Page 1 of 2 


[Synonyms : Eugenia arechavaletaeEugenia brasilianaEugenia costataEugenia dasyblasta



Eugenia deciduaEugenia indicaEugenia lacustrisEugenia micheliiEugenia 

microphyllaEugenia myrtifoliaEugenia oblongifoliaEugenia parkerianaEugenia 

strigosaEugenia uniflora var. atropurpureaEugenia zeylanicaLuma arechavaletae

Luma costataLuma dasyblastaLuma strigosaMyrtus brasilianaMyrtus brasiliana 

var. diversifoliaMyrtus brasiliana var. lanceolataMyrtus brasiliana var. lucidaMyrtus 



willdenowiiMyrtus willdenowii var. portoriccensisPlinia pedunculata, Plinia rubra

Plinia tetrapetalaStenocalyx affinisStenocalyx brunneusStenocalyx costatus

Stenocalyx dasyblastusStenocalyx glaberStenocalyx impunctatusStenocalyx lucidus, 

Stenocalyx micheliiStenocalyx michelii var. membranaceaStenocalyx michelii var. 

rigidaStenocalyx nhampiriStenocalyx oblongifoliusStenocalyx rhampiriStenocalyx 

ruberStenocalyx strigosusStenocalyx uniflorusSyzygium michelii

FLORIDA CHERRY

 

is a shrub or tree. Native to tropical South America (especially Brazil) it 

has fragrant creamy-white flowers with tufts of prominent, pale yellow-tipped, white 

stamens. 

It is also known as Bärmyrten (Swedish), Brazil cherry, Brazilian cherry, Cayenne cherry, 

Cayennekirsche (German), Cayennekirsebær (Danish), Cereza de Cayena (Spanish), 

Cereza quadrada (Colombian, Spanish), Cerezo de Cayena (Spanish), Cerezo de 

Surinam (Spanish), Cerise à côtes (French), Cerise carrée (French), Cerise de Cayenne 

(French), Cerisier de Cayenne (French), Cěrmai bělanda (Malay), Ciliegio di Cayenna 

(Italian), Einblutige Kirschmyrte (German), Eugenie (Danish), Eŭgenio unuflora 

(Esperanto), Fan ying tao (Chinese), Goraka-jambu (Singhalese), Guinda (Salvadoran), 



Hong guo zi (Chinese), Hong zi guo (Chinese), Kirschmyrte (German), Leng guo pu tao 

(Chinese), Ma-yom-farang (Thai), Myrten (Swedish), Nagapiry (Spanish), Ñanga-piré 

(Argentinian, Uruguayan), Pendanga (Venezuelan), Pitanga (Brazilian, English,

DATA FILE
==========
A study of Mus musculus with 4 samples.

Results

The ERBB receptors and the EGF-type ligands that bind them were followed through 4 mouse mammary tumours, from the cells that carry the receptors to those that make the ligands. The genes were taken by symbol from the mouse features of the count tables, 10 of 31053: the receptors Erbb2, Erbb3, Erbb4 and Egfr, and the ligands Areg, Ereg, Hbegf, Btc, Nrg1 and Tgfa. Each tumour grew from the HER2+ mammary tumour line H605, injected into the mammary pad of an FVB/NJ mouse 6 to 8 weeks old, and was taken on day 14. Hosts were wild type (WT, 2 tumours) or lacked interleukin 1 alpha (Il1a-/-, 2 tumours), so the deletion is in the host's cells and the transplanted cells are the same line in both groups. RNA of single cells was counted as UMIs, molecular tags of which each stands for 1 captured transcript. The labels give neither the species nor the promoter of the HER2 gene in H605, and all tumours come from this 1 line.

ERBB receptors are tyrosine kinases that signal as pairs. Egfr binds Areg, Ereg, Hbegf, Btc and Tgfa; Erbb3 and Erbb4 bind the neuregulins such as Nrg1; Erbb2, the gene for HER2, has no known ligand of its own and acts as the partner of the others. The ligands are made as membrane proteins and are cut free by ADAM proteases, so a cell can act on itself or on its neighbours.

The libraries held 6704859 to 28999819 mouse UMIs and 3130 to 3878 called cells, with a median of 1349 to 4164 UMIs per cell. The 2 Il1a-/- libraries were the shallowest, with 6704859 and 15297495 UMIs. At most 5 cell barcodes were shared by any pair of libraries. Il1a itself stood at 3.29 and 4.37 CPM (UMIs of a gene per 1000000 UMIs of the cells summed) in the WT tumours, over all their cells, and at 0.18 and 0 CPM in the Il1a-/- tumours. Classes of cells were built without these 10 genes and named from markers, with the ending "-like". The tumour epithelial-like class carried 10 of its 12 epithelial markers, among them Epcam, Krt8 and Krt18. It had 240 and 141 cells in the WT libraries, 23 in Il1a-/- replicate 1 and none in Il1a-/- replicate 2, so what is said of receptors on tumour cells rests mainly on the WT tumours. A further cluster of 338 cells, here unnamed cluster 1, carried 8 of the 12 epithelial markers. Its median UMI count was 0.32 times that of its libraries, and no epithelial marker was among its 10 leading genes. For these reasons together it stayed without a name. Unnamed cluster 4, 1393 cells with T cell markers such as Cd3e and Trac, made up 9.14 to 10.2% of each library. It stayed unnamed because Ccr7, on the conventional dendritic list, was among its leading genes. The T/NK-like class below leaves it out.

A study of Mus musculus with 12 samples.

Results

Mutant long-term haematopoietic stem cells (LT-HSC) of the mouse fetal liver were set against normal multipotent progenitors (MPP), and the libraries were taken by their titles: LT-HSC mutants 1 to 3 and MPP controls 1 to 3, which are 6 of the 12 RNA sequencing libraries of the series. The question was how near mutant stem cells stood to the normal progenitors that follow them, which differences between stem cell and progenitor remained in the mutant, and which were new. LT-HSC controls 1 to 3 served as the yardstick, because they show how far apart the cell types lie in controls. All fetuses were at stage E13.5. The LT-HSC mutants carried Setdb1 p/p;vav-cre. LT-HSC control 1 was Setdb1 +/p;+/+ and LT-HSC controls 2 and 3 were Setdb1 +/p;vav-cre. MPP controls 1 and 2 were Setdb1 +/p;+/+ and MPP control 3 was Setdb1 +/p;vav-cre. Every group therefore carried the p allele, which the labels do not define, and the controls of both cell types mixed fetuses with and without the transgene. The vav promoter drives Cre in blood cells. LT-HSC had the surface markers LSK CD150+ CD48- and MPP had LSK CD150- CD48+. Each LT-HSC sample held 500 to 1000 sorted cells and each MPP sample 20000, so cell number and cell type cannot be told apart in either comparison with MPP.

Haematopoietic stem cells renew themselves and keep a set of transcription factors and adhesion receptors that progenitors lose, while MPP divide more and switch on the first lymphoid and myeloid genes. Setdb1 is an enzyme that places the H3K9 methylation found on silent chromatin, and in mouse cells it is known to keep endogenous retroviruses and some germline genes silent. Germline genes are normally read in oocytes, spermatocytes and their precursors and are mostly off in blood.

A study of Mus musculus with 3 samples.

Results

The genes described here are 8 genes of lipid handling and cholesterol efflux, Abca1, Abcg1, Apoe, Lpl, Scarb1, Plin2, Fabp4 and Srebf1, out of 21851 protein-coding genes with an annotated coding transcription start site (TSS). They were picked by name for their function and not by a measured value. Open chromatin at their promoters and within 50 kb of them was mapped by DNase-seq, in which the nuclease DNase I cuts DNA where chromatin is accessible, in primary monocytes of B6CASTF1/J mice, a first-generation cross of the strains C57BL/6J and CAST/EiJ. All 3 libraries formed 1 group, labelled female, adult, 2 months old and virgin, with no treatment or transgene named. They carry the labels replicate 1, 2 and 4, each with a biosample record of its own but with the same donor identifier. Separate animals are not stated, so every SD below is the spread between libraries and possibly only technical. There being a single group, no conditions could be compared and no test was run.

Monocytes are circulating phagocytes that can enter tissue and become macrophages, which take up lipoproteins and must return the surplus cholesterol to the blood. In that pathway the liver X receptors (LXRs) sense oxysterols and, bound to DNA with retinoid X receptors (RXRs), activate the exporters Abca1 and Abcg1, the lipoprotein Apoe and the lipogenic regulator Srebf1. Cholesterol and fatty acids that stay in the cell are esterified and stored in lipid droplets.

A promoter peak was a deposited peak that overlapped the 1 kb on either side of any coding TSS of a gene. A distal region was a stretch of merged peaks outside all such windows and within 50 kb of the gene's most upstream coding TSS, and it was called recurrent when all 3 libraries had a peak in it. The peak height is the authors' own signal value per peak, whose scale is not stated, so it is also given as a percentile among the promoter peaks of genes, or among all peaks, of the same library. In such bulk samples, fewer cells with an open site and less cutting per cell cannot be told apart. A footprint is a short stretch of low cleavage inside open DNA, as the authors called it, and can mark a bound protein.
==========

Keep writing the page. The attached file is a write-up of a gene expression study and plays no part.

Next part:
Portuguese, Spanish), Pitanga cherry, Pitanga da praia (Portuguese), Pitanga du Brésil 

(French), Pitangueira (Portuguese), Red Brazil cherrySurinaamsche kersh 

(Surinamese), Surinaamse kers (Dutch), Surinam cherry, Surinaminkirsikka (Finnish), 

and Surinamkirsche (German). 

Uniflora is derived from Latin uni- (one) and -flora (flowered) components meaning ‘one-

flowered or with solitary flowers’. 

Authorities believe that it was the Portuguese traders who introduced Florida cherry from 

Brazil to India. But it was a specimen in Italy (in a garden in Pisa) that was first described 

botanically – and this plant was believed to have come from India, more precisely Goa on 

the western coast. It was introduced to Singapore in about 1900 and from there it spread 

to Malaysia. 

The small shiny ripe fruit (that have matured from green through orange to red to black and are 

sweetly aromatic-tasting) are eaten raw and made into puddings, pies, sherbets, syrup, 

jams and compôtes (especially in Brazil) – and the unripe fruit are used to make chutney. 

In Brazil the juice is fermented for vinegar as well. These fruit have also been used to 

make wine, alcohol and liqueur, and the young leaves can be prepared as a tea. Perhaps it 

should be mentioned however that in Florida where it is still a familiar sight as hedging it 


©Sue Eland 2008 

Page 2 of 2 

is contended that the raw fruit are only eaten by children now although they used to be 

viewed there as a culinary asset. 

Locally the pungent crushed leaves have been scattered on barn floors as an insect repellent. 

They used also to be strewn in Brazilian homes to repel flies as they were trodden under 

foot. 

In Brazil too the bark has been used for tanning. 



This plant can often be found cultivated as hedging not least in the southern United States. 

The Uruguayan National Administration of Posts issued a series of stamps which bore 

indigenous flowers. Florida cherry was one of them. 

Medicinally, local Brazilian herbalists have recommended a leaf infusion for easing stomach 

upsets and treating worms, while in Surinam a leaf decoction has been taken as a cold 

cure and it has also been used as an ingredient for treating fever.